Mining the Riches of History
• Give students a working definition of oral history. Explain that it is a collection of memories and experiences told through songs or recordings, interviews, diaries, or letters. These memories or personal histories shed light on the times in which the teller lived.
• Find a jumping off point. Is there a special anniversary or event for your town or school community that you could expand upon with an oral history project? Find out when your school (or other local or regional landmark) first opened its doors. Think about investigating “Then and Now” with your students to contribute to the celebration.
• Examine your curriculum. Lower elementary grades often have a focus on community which lends itself to a project of this kind. Younger students can simply interview a family member about one aspect of their life as a child—“school,” for example, or “toys” in order to draw conclusions about “then and now.”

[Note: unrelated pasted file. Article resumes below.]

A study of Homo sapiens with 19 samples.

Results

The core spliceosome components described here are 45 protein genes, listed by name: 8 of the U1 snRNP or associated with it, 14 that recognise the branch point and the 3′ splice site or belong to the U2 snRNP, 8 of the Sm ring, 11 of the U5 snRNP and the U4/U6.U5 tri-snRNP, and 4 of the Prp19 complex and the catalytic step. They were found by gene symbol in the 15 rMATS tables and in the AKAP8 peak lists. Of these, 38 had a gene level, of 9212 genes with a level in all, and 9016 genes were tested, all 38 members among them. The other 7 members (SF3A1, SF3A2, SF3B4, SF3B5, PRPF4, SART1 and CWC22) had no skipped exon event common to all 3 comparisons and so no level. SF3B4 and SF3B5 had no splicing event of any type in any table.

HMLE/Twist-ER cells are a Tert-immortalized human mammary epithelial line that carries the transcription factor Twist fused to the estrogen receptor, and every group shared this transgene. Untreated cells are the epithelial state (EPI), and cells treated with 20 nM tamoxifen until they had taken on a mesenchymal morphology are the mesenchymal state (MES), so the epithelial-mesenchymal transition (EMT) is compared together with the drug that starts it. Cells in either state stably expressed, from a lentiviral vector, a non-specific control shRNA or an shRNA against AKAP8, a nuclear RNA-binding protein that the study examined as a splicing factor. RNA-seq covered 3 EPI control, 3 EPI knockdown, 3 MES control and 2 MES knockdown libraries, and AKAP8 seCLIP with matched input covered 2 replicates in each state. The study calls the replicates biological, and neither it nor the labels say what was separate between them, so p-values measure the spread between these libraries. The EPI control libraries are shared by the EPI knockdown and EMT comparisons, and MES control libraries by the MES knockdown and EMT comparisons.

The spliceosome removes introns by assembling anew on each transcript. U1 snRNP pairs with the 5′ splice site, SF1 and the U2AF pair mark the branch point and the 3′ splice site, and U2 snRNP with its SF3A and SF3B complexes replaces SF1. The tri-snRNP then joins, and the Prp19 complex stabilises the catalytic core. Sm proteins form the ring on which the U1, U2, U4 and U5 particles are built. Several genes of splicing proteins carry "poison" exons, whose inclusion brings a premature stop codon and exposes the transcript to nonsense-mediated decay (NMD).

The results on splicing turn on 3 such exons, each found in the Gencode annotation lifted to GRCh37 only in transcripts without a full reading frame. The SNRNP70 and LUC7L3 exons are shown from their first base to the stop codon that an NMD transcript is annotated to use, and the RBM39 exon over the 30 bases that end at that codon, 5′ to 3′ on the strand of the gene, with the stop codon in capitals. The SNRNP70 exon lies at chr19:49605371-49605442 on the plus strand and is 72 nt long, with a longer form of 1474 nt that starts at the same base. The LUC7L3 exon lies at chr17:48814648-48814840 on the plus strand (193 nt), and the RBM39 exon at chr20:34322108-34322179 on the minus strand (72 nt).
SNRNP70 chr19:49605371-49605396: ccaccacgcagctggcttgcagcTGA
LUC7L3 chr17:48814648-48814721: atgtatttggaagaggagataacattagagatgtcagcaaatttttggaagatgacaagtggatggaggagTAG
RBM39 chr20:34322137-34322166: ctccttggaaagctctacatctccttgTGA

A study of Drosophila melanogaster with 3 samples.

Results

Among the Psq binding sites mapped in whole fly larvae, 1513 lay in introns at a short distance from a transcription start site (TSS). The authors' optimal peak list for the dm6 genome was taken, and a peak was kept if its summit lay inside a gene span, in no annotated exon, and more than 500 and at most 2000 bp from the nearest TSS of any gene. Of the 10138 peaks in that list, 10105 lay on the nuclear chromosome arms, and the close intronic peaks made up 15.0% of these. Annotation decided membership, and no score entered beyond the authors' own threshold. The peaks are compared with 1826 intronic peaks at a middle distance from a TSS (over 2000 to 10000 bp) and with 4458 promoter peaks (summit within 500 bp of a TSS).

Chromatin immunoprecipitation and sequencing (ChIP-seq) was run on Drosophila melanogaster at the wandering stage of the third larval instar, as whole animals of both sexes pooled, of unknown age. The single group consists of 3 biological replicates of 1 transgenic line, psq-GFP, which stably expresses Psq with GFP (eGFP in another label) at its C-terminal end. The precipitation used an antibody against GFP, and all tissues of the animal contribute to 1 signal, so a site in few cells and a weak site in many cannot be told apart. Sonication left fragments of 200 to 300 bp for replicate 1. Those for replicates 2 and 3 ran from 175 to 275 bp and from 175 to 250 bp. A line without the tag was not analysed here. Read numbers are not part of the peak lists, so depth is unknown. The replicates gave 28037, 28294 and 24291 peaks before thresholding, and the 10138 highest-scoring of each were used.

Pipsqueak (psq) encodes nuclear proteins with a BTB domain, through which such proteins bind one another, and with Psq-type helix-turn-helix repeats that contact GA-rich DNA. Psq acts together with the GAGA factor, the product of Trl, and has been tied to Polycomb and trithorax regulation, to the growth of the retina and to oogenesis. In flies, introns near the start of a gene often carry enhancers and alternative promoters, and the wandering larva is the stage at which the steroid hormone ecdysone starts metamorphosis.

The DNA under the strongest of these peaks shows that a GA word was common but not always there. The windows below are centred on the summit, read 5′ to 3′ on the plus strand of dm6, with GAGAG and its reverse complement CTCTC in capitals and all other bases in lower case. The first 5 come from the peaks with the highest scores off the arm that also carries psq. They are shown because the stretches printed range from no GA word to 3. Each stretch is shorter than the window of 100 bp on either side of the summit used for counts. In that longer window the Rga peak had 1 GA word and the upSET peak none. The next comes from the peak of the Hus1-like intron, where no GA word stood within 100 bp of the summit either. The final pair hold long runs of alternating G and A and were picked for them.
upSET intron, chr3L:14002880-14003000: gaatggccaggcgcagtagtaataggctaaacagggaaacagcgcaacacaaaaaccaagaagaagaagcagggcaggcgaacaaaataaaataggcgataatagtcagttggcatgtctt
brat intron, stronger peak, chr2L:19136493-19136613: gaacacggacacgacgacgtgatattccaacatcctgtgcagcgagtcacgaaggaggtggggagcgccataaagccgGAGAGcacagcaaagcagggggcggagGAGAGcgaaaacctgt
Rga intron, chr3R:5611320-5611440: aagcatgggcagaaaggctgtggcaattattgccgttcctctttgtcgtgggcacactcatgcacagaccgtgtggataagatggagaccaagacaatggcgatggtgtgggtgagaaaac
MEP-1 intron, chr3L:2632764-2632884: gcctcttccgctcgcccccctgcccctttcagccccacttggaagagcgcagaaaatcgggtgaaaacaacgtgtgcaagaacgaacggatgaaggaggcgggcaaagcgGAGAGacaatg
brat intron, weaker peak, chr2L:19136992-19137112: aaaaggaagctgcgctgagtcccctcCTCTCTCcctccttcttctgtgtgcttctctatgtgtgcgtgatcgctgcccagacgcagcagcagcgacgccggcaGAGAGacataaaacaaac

Older students might interview business owners to learn how the business community has changed. Other aspects of history in your state or region can be explored through field trips, email correspondence, or video chat. Think about topics such as transportation, work, leisure/entertainment, agriculture and industry.
Perhaps as a teacher of middle or high school students you examine themes throughout history—war, poverty, civil rights, immigration-- and link these to literature. Reading a common text and conducting interviews or making use of other primary sources such as recordings or letters with individuals who can truly speak to these themes will enhance your students’ understanding of them.